Nationwide electronic health record interoperability, it turns out, isn’t a universal goal.
Some developers and health care providers, motivated by financial gain, try to interfere with the transfer or movement of electronic health records, a practice known as health information blocking.
But last week, the Office of the National Coordinator for Health IT condemned health information blocking. In a letter to Congress, authors wrote that it “frustrate[s] the goals of the HITECH Act,” the 2009 law that invests $35 billion toward the adoption of health IT, “and undermine[s] broader health care reforms.”
“[I]nformation blocking not only interferes with effective health information exchange but also negatively impacts many important aspects of health and health care” and “can undermine consumers’ confidence in their health care providers by preventing individuals from accessing their health information and using it to make informed decisions about their health and health care,” ONC wrote in the letter to legislators on the Appropriations Committee’s Subcommittee on Labor, Health and Human Services, Education, and Related Agencies.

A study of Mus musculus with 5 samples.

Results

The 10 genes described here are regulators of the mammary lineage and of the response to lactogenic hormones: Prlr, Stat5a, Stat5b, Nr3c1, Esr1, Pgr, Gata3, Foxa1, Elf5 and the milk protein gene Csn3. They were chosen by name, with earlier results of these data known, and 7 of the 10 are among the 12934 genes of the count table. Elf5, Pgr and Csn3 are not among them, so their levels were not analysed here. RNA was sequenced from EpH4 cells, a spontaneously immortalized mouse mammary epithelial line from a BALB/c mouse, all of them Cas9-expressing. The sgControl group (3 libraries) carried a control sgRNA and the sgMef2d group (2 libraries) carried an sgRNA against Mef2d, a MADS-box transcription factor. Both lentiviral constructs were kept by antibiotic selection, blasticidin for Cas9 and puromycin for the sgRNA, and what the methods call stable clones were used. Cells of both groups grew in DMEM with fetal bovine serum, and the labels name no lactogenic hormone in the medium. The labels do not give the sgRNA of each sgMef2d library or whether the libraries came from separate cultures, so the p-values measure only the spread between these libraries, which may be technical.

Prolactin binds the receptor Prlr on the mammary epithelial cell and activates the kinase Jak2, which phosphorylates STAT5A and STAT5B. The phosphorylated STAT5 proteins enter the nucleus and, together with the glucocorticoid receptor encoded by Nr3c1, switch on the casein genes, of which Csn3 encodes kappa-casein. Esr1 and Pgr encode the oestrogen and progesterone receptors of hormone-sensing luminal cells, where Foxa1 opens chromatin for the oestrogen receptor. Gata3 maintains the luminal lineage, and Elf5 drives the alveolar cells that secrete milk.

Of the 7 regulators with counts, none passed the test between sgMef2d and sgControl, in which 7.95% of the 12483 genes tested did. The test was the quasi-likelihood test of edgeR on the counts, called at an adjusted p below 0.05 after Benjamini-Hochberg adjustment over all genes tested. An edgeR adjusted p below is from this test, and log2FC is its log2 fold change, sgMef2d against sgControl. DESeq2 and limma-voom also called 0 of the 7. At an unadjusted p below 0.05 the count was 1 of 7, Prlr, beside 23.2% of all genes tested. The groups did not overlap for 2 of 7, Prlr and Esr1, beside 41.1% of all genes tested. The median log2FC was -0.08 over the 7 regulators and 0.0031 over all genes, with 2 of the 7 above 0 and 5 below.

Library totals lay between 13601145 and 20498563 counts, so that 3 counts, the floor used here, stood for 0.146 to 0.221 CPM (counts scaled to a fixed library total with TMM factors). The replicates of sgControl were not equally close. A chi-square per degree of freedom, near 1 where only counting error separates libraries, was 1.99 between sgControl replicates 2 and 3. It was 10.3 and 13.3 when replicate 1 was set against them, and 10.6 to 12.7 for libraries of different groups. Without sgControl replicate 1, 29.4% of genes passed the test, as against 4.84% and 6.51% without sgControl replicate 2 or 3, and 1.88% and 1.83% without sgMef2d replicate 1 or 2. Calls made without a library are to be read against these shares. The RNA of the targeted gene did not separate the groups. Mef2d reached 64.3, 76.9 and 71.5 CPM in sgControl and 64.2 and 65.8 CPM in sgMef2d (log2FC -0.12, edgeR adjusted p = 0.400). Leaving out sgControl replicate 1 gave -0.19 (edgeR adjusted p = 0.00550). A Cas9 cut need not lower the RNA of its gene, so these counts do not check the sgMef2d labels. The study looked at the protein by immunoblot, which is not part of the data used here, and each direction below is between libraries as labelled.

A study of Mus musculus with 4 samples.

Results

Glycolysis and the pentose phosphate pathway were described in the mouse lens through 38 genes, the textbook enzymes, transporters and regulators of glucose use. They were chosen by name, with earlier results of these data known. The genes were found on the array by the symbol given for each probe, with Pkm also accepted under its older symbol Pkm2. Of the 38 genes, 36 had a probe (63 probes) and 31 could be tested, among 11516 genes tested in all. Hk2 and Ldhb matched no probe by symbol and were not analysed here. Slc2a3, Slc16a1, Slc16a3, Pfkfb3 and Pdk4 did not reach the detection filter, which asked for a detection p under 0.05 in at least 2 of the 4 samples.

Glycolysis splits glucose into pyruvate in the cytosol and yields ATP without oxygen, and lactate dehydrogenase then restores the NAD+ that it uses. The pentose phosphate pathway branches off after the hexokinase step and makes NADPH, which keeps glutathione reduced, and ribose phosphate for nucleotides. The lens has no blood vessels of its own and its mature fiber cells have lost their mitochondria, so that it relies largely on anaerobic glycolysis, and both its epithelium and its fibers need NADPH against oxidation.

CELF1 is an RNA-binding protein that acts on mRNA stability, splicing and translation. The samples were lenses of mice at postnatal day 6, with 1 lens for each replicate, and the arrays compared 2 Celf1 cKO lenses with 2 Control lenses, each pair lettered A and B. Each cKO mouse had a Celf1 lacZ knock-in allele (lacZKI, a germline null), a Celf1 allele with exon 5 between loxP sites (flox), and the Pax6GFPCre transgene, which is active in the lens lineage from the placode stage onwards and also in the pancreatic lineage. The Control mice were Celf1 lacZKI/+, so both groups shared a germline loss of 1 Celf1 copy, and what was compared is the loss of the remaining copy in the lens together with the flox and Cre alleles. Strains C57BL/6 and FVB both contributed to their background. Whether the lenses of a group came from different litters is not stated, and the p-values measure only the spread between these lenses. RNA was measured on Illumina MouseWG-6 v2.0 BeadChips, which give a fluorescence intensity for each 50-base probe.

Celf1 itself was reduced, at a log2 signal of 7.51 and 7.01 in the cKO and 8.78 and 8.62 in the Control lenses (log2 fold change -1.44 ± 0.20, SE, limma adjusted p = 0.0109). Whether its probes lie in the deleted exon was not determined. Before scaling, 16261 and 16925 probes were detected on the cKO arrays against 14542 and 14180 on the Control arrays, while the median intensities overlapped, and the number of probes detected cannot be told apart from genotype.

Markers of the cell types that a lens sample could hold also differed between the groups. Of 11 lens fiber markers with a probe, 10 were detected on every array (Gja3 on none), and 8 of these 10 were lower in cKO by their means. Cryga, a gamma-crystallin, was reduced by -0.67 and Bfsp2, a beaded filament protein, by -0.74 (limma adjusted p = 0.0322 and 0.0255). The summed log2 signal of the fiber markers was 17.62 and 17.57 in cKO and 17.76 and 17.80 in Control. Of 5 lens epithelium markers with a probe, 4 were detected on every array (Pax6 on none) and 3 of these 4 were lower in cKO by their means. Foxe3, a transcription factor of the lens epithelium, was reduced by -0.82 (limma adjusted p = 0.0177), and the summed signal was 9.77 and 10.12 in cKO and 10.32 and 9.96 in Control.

Congress had requested the ONC report on health information blocking as part of its 2015 Consolidated and Further Continuing Appropriations Act.
In its report, ONC said it received 60 unsolicited complaints in 2014 against alleged information blockers, most of which were directed at health IT developers for misconduct like charging fees that prevent easy information sharing and blocking the exchange of information with competitors. Health care providers stymie the movement of electronic health records “to control referrals and enhance their market dominance,” the letter says.
At the same time, ONC said it has a hard time proving an entity is information blocking.
“The full extent of the information blocking problem is difficult to assess, primarily because health IT developers impose contractual restrictions that prohibit customers from reporting or even discussing costs, restrictions, and other relevant details,” National Coordinator for Health IT Karen DeSalvo wrote in a blog post about the letter with Jodi Daniel, ONC’s director for its Office of Policy.
“Still,” they added, “from the evidence available, it is readily apparent that some providers and developers are engaging in information blocking. And for reasons discussed in our report, this behavior may become more prevalent as technology and the need to exchange electronic health information continue to evolve and mature.”
So for now, the health IT agency is focused on actions it can take — many in partnership with other agencies, industry and Congress — to develop a comprehensive strategy to fight information blockers.
“ONC looks forward to working with Congress, industry, and the health IT community to properly address this problem and ensure continued progress towards achieving the goals of an interoperable learning health system,” the ONC officials wrote.